In 2005, Tracie Seimon, a biologist and self-professed arachnophobe, was flipping over rocks and looking for frogs high in the Peruvian Andes.
But beneath those rocks, she found something unexpected—and, at the time, a little unsettling: “We started seeing these little burrows with fuzzy little bums sticking out,” says Seimon, then at Columbia University. She convinced a colleague to help her extract and photograph one of the creatures—which turned out to be a two-inch-long tarantula.
Finding a tarantula at that elevation, more than 14,700 feet up, was a revelation. Normally, these hairy spiders aren’t too fond of arid, oxygen-deprived mountain air or subglacial terrain. But little did Seimon know, the South American hills were literally crawling with previously undescribed tiny tarantulas—including the one she’d just plucked from its burrow.
This spider not only turned out to be a new species—it lives at the highest elevation at which a tarantula has ever been found. And this discovery, along with several concurrent investigations, have turned up a total of seven new tarantula species in the genus Hapalotremus, as described in a recent study published in the Journal of Natural History.
After Seimon’s first find, she returned to that same spot in the Andes to look for more of the spiders. This time, though, she had to cajole the arachnids from their burrows on her own.
“These spiders are just beautiful,” she admits. “They have blonde legs, with a black body and a bright red spot on their back.”
Seimon sent photos of the first spider she found to tarantula expert Rick West, and several specimens to taxonomist Nelson Ferretti at Argentina’s National Scientific and Technical Research Council. After scrutinizing the creatures—and staring particularly hard at copulatory organs, which is, awkwardly, how spider species are often distinguished from one another—Ferretti found that the fuzzy-bummed spiders were indeed a previously unidentified species. Seimon named them Hapalotremus vilcanota, after the Andean mountain chain where they live.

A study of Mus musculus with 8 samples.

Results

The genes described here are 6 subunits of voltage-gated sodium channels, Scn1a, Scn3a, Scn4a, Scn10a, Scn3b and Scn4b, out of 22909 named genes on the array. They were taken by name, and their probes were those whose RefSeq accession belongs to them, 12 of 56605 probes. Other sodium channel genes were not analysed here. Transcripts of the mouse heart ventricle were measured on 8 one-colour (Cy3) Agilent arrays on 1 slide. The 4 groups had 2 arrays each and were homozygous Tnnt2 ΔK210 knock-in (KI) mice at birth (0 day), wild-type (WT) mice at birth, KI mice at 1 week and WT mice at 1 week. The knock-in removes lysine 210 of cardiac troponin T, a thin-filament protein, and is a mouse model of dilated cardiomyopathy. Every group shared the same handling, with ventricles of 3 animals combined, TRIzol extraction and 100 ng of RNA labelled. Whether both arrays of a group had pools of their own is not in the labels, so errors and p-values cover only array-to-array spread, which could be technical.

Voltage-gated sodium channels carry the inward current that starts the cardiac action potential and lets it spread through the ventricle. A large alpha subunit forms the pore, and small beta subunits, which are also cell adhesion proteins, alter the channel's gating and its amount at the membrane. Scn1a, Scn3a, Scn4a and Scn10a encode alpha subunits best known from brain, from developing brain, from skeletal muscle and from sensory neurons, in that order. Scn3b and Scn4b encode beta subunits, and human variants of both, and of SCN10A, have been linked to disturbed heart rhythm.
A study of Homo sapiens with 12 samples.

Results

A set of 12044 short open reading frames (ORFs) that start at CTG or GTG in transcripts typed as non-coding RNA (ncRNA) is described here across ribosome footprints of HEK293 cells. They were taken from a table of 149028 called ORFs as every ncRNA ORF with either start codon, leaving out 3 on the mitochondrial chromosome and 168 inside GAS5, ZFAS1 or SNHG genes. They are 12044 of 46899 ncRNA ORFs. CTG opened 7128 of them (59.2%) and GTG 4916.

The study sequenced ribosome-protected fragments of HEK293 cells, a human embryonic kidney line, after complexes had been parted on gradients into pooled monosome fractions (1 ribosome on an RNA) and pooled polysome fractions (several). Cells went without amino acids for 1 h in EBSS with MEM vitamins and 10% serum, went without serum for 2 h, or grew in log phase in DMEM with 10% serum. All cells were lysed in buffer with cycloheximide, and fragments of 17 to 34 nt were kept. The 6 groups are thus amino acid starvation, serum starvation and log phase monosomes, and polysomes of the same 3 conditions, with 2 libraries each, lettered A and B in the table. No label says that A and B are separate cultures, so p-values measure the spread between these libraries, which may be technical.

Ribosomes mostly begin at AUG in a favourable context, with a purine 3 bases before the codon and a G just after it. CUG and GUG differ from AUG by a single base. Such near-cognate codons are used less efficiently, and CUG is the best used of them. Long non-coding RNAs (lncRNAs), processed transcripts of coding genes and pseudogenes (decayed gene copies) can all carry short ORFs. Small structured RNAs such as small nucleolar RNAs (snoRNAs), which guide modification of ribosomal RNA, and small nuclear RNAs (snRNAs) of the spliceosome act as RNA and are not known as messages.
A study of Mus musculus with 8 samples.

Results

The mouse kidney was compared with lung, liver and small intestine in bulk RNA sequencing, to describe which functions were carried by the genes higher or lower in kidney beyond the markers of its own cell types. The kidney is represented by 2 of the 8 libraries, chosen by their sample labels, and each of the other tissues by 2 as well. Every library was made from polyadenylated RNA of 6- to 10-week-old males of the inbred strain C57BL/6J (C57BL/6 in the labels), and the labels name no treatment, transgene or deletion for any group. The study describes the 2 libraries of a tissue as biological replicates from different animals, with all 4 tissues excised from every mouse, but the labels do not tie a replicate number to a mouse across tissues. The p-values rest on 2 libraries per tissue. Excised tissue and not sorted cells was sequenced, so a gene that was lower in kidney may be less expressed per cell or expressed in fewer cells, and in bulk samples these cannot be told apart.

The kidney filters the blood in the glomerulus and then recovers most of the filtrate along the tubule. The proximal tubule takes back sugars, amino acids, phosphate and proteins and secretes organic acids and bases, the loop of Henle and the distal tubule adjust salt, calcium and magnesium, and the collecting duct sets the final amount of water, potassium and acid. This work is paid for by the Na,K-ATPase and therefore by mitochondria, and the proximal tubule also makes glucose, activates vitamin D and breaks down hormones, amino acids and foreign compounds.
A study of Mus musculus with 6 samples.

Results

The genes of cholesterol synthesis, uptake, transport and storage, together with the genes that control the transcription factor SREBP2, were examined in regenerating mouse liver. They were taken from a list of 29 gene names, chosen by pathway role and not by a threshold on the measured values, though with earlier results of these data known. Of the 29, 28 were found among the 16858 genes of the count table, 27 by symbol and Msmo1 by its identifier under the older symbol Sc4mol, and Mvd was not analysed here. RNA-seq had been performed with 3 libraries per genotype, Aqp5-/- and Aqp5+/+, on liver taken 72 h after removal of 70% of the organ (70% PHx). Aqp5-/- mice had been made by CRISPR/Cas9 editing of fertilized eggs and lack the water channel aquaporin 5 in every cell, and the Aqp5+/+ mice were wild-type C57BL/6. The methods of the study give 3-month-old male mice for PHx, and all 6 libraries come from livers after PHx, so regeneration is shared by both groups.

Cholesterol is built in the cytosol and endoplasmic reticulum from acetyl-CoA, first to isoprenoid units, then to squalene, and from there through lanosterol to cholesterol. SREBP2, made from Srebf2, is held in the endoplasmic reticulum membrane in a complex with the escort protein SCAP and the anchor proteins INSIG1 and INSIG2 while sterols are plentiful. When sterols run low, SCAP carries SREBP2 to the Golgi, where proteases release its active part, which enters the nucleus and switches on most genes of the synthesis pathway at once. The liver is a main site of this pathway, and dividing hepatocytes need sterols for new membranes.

Like H. vilcanota, the other six new Hapalotremus spiders are tiny. Many are no larger than a bottle cap, and most live at significant elevations, either in cloud forests or in rocky, mountainous environments. In other words, these are not the type of huge, jungle-dwelling tarantula people might normally imagine.
“They live in a lot of environments, habitats, and we need to make an effort to discover the new species,” Ferretti says. “They are amazing [and] more diverse than we thought.”
Several of Ferretti’s new spiders share H. vilcanota’s bright red spot, which turns out to house a type of hair the spiders defensively flick at predators (or curious scientists). Others, such as minuscule H. chasqui—a native of Argentina—are a beautiful, mossy green color. Locals, who accompanied the scientists on the often days-long treks into the mountains, know of the spiders and simply refer to all of them as ‘campo campo,’ a Quechua phrase of unclear origin.
“There are a lot of species that we don’t know yet,” Ferretti says. “Part of the importance of the taxonomic work is to try to understand the diversity before they disappear.”
Surviving Up High
Though it might seem surprising to find seven new species of fuzzy spiders in a relatively short period of time, the identifications are solid, says tarantula expert Robert Raven, a senior curator at Australia’s Queensland Museum who wasn’t involved in the paper.
“Tarantulas ‘own’ South America, and therein lies most of the world’s diversity of the group, so I am not at all surprised,” he says. “I am sure there will be more new species out there.”
That said, Raven is astounded that tarantulas are surviving at such elevations, where low oxygen levels and freezing temperatures—particularly at night, when the spiders hunt—characterize a rather unlikely habitat for the spiders.
Ferretti, Seimon, and others plan to further study the spiders, and H. vilcanota, at least, should be fairly easy to keep an eye on: It inhabits a site that Seimon has been monitoring for 15 years, watching for the ways in which frogs and other critters respond to climate change.
“Frogs are expanding their range up into the deglaciated zone, where new habitats are forming on the hills of these receding glaciers,” she says. “I want to go and revisit the spider sites and see if they also are increasing the range.”